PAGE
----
If you have difficulties walking or moving around, do not fret. There are various types of mobility aids that can assist with your movement and allow you to get around easily with greater independence.

Underarm crutches men walking

Mobility aids are also called ambulation devices. They are a type of assistive device that lets you move from one point of location to another with added support. A lot of people can benefit from using mobility aids, especially when you have a physical disability, are recovering from an injury, or just have poor balance due to increasing age.

Find out which mobility aid you need by familiarizing yourself with each type and their uses:

Types of Mobility Aids

Crutches

Underarm crutches

Perhaps you are already familiar with crutches for they are one of the most commonly used mobility aids to facilitate movement while recovering from an injury. There are several types of crutches, but the standard types are the axillary crutches. Axillary crutches are the type where you place its horizontal soft bar underneath your armpit. Another type is called a forearm crutch where you have to put your forearm in a cuff and hold a handgrip.

Generally, an axillary crutch is made out of two rods with a soft bar on top and a handle grip. The two rods are then joined into a single pole as they reach the bottom, and the bottom tip is covered with a rubber stopper to stabilize the crutch as you move.

Never let your armpit support your body’s weight by resting it on the shoulder rest of your crutch. Doing so can compress the nerves and blood vessels in your armpit, leading to a condition known as crutch palsy.


Crutches are used when you sustain an injury below your waistline. You might have hurt one side of your leg, you’ve got a broken bone, you pulled a leg muscle, you’ve sprained or broken your ankle, or you have undergone a leg surgery.

Crutches are ideally used to prevent the affected part from being loaded with stress too early. When you lean on crutches for support, this helps your injured limb recover faster. However, the use of crutches is not advisable for people with permanent disability on the lower extremities. These are only typically used for about 4-8 weeks when you’ve obtained minor leg injuries. Sometimes, doctors might advise you to use your crutches longer for a period of 6 months.

Canes

Woman helping elderly man with cane

Like crutches, canes help support your body’s weight. It can support up to 25% of your body’s weight. There are several types of canes but the following are the most common ones:

  • Standard walking cane. It is a cane stick consisting of a single point with a handle on top. It helps people with difficulty maintaining their balance while walking.
  • Quad cane. It provides greater stability and wider base of support since it consists of four points at the end of the cane.
  • Folding cane. It is used by people who don’t require much walking. A folding cane is portable because you can fold and store it easily.

When are canes used?

Canes are used when you have a greater risk of falling or if you have minor problems maintaining your balance and stability. Elderly people often use canes since old age also comes with balance and mobility problems. In the United States alone, 1 out of 10 people aged 65 years and above are using canes.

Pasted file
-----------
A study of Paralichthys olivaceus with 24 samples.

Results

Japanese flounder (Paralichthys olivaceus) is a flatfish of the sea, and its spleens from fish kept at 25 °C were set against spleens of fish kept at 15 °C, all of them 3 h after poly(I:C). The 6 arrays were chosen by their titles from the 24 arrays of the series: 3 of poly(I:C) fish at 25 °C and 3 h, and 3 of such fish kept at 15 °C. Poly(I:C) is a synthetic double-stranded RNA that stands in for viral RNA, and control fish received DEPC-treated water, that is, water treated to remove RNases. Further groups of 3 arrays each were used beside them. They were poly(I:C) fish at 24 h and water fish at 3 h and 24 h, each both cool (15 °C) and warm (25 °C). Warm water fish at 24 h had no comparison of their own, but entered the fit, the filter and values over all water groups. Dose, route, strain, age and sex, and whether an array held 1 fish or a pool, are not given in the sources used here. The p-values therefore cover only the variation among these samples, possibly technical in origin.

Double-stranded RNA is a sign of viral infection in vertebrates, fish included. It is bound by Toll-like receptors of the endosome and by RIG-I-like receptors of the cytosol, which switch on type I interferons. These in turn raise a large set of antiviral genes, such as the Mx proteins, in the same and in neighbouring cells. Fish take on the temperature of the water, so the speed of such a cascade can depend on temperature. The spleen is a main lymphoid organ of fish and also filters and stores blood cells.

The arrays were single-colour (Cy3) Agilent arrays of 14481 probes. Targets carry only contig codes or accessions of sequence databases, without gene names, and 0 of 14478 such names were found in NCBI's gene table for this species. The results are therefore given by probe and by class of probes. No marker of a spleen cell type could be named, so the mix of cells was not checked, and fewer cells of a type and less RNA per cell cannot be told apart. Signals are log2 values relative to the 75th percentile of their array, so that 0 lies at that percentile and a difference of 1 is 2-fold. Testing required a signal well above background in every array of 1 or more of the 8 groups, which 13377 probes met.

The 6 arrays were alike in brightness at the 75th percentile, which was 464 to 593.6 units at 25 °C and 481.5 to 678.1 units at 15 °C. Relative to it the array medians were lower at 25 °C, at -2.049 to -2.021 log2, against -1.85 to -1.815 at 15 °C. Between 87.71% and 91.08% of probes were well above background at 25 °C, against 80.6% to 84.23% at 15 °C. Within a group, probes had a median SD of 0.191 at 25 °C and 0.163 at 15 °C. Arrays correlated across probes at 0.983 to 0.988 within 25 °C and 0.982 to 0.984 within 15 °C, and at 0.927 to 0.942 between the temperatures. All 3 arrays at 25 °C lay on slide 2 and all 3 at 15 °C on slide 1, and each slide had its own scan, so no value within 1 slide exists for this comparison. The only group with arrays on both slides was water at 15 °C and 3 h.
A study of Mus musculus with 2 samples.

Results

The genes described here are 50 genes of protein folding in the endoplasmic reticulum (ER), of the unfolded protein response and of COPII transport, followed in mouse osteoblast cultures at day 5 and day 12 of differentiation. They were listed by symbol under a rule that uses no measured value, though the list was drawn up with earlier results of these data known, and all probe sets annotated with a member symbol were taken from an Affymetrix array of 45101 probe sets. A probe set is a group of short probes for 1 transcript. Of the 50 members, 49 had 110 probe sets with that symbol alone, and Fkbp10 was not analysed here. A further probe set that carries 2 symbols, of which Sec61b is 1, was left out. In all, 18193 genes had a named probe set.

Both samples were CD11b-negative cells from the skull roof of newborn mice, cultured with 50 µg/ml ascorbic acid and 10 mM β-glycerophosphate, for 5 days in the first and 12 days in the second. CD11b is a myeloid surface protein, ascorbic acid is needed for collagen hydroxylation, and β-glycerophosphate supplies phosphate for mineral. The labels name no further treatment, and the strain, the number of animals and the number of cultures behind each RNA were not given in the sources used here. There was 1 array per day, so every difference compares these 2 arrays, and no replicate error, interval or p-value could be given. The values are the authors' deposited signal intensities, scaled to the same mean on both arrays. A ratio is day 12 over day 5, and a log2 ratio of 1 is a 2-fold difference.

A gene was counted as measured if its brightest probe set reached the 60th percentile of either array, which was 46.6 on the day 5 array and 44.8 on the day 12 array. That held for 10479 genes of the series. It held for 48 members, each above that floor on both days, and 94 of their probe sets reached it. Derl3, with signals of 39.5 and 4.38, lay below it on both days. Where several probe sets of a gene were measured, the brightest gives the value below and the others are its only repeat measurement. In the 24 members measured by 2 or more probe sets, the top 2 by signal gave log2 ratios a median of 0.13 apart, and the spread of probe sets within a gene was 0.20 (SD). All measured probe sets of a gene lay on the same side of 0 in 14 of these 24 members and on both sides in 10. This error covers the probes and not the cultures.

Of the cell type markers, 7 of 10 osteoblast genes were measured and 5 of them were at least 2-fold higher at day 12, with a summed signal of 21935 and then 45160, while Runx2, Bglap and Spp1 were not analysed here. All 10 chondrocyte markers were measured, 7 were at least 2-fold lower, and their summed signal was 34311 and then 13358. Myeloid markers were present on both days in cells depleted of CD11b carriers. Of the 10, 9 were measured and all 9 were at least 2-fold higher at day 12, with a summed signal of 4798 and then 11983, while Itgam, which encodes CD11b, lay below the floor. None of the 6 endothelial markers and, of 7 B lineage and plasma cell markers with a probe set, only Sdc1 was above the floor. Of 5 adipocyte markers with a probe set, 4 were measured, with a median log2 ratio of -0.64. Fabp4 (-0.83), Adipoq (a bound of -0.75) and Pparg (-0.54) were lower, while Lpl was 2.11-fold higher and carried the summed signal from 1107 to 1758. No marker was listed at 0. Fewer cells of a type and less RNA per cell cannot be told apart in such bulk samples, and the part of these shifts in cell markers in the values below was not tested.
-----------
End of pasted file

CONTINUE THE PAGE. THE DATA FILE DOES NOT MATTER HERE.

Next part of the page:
Walker, orthopedic equipment over white

In instances where you need greater support, you might prefer the use of walkers than crutches and canes since walkers can support half or more of your body weight. Walkers can come in a wheeled-type or a non-wheeled type.

For walkers with wheels, you just need to push it to move forward. However, if you have the non-wheeled type, you have to exert a little effort to lift it to move forward. Just a safety reminder, never put your weight on your walker if one or more of its wheels or tips are not yet on the ground. If you do, you might stumble and fall.

When are walkers used?

Your doctor might recommend the use of a walker if you have undergone a leg surgery, a total knee surgery, or a total hip replacement surgery. These types of surgeries put a greater toll on your body; hence, you need a mobility aid that provides greater support to provide you better stability while at the same time, allowing you to move about.

Wheelchairs

Nurse and senior man in wheelchair during home visit

From the word itself, a wheelchair is a chair with wheels. You can operate and turn the wheels manually or you can use an electrically powered wheelchair. You can maneuver your wheelchair in different ways. You can use your arms to turn the wheels, or you can have it pushed by someone else.

Maneuvering a manually operated wheelchair may take a lot of time to practice especially when you are turning corners. But if you opt for the power-driven type, it does a lot of things for you automatically.

When are wheelchairs used?

While wheelchairs provide greater comfort since the user can sit on it, the ones who generally use wheelchairs have a more serious mobility impairment. These are the people who are unable to put any weight on their lower extremities such as those who suffer from muscular dystrophy (loss of muscle mass) or cerebral palsy (uncoordinated/uncontrollable muscle movements). Wheelchairs can also be used by people who have amputated lower limbs.


Though there are various types of mobility aids you can choose from, it is still best to ask your doctor about the best type of mobility aid you need to use for your current condition. When you’ve chosen the wrong device, it might only cause you further harm.


An health blog dedicated to provide current health trends in the way of articles.